Title page for ETD etd-0410103-231917


Type of Document Master's Thesis
Author Jalenak, Maia
Author's Email Address mjalen1@lsu.edu
URN etd-0410103-231917
Title Helen M. Turner, American Impressionist
Degree Master of Arts (M.A.)
Department Art History
Advisory Committee
Advisor Name Title
H. Parrott Bacot Committee Chair
Mark Zucker Committee Member
Robert M. Hausey Committee Member
Keywords
  • cragsmoor
  • women artists
  • southern art
  • louisiana art
  • national academician
  • american impressionism
Date of Defense 2003-03-21
Availability unrestricted
Abstract
A renewal of interest in the French impressionists began in 1974 with the 100th anniversary of the first exhibition of the artists who broke with the official Salon in Paris and held their own exhibitions from 1874 through 1886. Since 1974, there has been a swell of interest in reinvestigating lesser-known European and American impressionist artists, especially women artists whose work often was relegated to second-class professional status. Among them was Helen Maria Turner (1858-1958), an artist whose work merits further examination.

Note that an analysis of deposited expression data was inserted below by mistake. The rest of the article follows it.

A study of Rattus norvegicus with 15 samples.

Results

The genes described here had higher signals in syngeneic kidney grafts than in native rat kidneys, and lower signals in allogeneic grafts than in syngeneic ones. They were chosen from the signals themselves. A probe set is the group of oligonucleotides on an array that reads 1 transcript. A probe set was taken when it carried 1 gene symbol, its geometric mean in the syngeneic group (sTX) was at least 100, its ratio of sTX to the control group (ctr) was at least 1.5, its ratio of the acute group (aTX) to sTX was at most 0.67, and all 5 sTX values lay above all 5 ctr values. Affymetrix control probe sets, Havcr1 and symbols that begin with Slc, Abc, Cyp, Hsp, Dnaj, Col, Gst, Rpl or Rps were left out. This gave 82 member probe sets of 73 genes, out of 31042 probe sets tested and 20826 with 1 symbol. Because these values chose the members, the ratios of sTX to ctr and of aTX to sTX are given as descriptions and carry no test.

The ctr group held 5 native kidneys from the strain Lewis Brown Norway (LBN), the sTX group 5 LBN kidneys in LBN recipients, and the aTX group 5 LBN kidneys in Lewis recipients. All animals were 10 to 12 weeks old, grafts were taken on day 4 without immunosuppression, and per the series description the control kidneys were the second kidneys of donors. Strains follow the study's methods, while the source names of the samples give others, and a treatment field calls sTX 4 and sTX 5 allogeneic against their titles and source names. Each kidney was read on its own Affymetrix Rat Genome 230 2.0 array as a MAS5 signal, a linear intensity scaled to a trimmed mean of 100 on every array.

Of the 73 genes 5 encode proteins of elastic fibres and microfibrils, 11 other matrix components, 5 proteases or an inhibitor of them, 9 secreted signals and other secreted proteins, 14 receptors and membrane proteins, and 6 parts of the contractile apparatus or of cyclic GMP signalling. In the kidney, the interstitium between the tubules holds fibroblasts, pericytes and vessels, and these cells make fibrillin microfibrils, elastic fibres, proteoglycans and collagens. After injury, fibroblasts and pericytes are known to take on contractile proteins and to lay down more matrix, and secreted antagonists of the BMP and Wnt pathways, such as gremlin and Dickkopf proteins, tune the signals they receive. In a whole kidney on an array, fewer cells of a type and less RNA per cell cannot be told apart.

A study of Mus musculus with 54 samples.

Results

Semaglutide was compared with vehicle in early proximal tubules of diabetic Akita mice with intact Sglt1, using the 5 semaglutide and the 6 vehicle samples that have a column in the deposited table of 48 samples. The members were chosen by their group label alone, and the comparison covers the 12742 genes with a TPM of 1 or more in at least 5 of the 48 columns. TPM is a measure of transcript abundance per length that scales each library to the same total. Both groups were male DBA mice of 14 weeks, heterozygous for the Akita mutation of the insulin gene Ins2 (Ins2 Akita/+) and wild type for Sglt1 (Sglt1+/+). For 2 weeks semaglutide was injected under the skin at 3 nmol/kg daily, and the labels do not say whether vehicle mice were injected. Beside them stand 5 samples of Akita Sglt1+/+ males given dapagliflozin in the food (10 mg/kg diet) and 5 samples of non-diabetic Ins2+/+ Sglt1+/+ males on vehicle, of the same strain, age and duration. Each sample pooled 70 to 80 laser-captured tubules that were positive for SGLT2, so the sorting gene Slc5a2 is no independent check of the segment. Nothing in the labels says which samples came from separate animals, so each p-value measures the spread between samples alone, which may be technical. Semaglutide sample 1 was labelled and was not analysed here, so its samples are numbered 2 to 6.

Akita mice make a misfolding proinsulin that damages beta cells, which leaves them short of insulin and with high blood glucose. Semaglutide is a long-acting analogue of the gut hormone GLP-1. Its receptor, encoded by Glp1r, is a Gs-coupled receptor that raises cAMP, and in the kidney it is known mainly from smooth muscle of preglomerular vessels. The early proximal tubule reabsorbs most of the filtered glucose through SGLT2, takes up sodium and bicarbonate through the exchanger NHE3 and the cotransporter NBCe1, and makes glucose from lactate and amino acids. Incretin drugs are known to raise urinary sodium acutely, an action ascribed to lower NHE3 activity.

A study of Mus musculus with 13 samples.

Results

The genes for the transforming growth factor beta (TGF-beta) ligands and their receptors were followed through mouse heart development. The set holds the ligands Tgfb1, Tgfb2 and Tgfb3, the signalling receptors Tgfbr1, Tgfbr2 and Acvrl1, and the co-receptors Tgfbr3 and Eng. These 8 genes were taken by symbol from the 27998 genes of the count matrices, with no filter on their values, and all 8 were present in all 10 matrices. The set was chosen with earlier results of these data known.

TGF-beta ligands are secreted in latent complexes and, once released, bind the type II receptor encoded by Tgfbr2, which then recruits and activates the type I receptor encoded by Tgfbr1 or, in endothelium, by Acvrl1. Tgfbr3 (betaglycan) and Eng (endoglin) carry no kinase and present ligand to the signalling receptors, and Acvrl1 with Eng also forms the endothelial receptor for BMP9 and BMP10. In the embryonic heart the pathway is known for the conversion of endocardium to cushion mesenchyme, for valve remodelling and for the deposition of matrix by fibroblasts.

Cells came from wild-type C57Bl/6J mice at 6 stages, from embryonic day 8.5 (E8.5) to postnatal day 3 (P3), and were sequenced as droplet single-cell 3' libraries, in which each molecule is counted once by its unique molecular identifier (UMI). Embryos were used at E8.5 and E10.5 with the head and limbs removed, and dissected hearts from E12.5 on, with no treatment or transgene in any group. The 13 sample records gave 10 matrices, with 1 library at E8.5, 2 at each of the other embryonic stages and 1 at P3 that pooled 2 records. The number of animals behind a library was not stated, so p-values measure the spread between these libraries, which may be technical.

In the first two decades of the twentieth century, Turner's art was held in great esteem by critics, private and public collectors, and her peers. Despite her contributions to the movement of impressionism in America, her works are often overlooked today. Following her death in 1958, the first examination of her work did not occur until 1983, when art historian Louis Hoyer Rabbage curated a retrospective exhibition for the Cragsmoor Free Library in Ulster County, New York. In the exhibition catalogue, Rabbage declared that the purpose of the exhibition was to make a statement on behalf of Turner's "rightful place in American art history" and that a definitive biography and catalogue raisonné were still needed. William Gerdts's 1995 landmark volume, Art Across America: Two Centuries of Regional Paintings, included her work, but no one has undertaken major new research.

The objective of this project is to give further consideration to Turner's work by exploring her seventy-year career, especially her early years of art training in New Orleans, heretofore overlooked. The project investigates the influences on her style and subject matter, how her work reflects the time in which it was produced, and how her professional career served as a role model for other artists.

An attachment documenting her paintings in museum collections includes the provenance and exhibition history for each work. A detailed history of her participation in museum and gallery exhibitions is also attached. The main sources used to compile this information were Turner's papers at the New-York Historical Society and materials from the museums and institutions that hold her work.